For people caring for children with asthma or managing asthma themselves, the summer season presents a unique set of challenges, among them an increase in particulate pollution, especially in areas that may be impacted be wildfire smoke. "Fine" particulate matter, as 2.5 PM is referred to by health agencies and pollution experts, possesses one attribute that makes it particularly dangerous. These particulates, and whatever microscopic toxins they may be carrying with them, don’t just penetrate deep into our lungs… they are also small enough to pass directly into the bloodstream.
Asthmatics and children are both considered “sensitive groups” when it comes to air pollution. This means the threshold at which you begin to experience adverse health effects like reduced lung function, asthma attacks, wheezing and coughing, etc., is lower than it would be for a healthy adult.
For caregivers of asthmatic children, or people who are asthmatic themselves, and especially for people who live on the West Coast or in a wildfire-prone area, I’d like to share some resources that can help you track and manage your or your child’s exposure to particulate pollution. The first is a free tool that shows you whether your local air quality is safe for members of sensitive groups. There are several air quality lookup tools, but this tool is unique in that it’s actually designed with sensitive groups like asthmatics in mind. (https://www.cleanairresources.com/tools/aqi_lookup)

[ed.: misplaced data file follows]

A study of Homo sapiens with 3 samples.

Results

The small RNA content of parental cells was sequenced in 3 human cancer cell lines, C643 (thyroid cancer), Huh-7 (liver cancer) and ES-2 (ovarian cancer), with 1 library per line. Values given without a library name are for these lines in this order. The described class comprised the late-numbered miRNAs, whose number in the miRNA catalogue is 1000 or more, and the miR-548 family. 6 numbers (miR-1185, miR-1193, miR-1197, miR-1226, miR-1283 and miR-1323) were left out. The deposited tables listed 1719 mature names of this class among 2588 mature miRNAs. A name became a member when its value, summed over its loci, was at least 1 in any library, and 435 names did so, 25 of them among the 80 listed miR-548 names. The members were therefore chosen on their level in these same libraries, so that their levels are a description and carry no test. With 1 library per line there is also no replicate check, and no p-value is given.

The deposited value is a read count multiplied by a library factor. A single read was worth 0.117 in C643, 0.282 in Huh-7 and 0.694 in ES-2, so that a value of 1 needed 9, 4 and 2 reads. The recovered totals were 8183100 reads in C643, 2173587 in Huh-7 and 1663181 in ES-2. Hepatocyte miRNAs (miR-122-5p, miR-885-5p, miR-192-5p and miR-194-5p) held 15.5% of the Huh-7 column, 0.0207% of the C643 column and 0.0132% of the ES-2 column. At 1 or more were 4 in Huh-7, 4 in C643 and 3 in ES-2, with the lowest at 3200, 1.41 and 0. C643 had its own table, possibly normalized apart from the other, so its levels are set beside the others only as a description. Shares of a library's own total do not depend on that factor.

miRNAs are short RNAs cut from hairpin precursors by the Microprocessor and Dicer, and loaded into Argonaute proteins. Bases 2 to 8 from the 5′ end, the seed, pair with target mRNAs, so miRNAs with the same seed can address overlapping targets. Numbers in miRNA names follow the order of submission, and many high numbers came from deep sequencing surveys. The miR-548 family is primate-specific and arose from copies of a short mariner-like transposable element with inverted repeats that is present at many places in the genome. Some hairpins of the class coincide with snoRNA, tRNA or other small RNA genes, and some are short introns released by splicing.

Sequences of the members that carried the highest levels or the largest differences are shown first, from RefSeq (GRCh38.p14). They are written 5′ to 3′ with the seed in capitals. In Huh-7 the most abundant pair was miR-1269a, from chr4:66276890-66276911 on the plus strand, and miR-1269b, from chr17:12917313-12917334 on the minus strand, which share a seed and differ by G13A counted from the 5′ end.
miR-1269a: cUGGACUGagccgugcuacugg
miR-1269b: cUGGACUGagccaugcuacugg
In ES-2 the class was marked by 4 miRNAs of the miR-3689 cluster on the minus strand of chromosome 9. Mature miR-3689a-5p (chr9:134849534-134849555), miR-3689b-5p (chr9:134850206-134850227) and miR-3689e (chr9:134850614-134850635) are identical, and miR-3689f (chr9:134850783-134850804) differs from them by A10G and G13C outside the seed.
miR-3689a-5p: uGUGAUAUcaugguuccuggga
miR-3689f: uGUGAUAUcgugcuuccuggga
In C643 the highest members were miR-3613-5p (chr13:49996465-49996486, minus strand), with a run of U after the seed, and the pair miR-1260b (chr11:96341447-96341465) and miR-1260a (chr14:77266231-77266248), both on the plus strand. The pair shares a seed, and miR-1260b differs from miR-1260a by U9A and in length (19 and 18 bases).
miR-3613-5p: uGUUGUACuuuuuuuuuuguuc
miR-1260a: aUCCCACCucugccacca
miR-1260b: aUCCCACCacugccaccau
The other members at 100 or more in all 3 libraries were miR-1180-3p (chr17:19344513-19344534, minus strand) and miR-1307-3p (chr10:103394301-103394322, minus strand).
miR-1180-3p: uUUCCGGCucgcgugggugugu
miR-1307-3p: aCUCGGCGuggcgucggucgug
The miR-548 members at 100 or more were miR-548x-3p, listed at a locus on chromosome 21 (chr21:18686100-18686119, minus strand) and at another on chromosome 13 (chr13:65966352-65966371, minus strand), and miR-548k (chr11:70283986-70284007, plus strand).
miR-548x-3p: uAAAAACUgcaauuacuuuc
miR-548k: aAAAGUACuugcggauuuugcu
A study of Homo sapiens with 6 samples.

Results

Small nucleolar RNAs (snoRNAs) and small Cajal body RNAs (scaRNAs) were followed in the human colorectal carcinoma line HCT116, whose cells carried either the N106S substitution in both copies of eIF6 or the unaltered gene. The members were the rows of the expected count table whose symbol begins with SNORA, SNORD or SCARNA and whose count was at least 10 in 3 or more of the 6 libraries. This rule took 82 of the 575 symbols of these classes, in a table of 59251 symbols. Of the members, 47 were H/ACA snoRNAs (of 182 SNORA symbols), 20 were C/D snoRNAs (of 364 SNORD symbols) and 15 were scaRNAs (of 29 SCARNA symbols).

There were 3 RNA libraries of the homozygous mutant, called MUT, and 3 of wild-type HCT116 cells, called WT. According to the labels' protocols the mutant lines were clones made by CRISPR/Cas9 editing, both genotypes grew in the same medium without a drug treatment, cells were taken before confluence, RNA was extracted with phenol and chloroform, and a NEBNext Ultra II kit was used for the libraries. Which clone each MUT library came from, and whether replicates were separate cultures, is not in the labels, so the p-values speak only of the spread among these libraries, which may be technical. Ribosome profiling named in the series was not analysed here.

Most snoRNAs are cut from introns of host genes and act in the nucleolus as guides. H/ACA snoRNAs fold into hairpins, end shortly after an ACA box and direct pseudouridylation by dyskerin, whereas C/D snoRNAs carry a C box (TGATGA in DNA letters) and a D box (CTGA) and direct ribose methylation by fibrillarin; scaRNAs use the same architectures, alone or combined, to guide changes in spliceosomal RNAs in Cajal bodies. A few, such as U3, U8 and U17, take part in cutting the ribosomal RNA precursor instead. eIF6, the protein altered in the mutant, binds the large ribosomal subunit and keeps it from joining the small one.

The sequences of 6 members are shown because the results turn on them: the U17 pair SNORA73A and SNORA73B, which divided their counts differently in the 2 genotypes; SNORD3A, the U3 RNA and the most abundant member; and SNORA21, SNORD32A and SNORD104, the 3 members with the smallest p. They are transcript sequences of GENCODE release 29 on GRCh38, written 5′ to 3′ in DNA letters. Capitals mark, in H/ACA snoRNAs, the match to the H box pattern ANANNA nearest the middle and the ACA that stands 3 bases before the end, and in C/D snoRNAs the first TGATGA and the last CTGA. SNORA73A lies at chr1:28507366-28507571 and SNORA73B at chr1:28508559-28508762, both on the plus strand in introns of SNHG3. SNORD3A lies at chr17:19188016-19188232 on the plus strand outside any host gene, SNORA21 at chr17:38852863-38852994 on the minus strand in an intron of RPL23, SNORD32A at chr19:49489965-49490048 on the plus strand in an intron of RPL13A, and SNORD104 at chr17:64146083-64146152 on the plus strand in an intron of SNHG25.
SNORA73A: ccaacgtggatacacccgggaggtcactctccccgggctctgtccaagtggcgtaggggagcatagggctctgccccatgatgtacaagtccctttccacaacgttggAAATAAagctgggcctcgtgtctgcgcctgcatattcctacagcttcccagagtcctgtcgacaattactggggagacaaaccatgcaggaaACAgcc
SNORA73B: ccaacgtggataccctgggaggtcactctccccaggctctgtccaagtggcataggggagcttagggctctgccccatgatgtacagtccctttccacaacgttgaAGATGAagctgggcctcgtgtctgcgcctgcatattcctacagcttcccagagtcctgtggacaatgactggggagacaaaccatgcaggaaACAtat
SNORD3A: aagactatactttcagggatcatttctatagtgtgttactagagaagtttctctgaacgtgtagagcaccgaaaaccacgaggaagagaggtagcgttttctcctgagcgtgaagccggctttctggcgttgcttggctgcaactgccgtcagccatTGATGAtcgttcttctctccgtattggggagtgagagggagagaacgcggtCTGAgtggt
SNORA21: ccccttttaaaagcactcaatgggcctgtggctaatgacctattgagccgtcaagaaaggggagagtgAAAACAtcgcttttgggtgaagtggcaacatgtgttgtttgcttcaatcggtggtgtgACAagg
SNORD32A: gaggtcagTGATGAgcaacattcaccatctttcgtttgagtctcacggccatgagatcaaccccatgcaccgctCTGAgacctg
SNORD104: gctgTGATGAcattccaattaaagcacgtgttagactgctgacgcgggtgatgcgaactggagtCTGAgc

There’s also a free service that will track your local air quality conditions, and send you a SMS alert when the air quality is forecast to reach unsafe levels. This can also be customized for children and asthmatics. (https://www.cleanairresources.com/aqi-signup)
The company also offers a paid service that will send pollution mask filters whenever the air quality is forecast to be unhealthy due to wildfire smoke or other causes. (https://www.purakamasks.com/about#whypuraka)
Hopefully this info is helpful. To end with a personal story, I live in Seattle and when we got hit with wildfire smoke last summer, my first clue the air was unhealthy was this feeling like I was having a heart attack. Because of this, I think it’s important to have advance notice to be able to prepare for these kinds of events by either staying inside, or wearing a pollution mask if you’re going outdoors.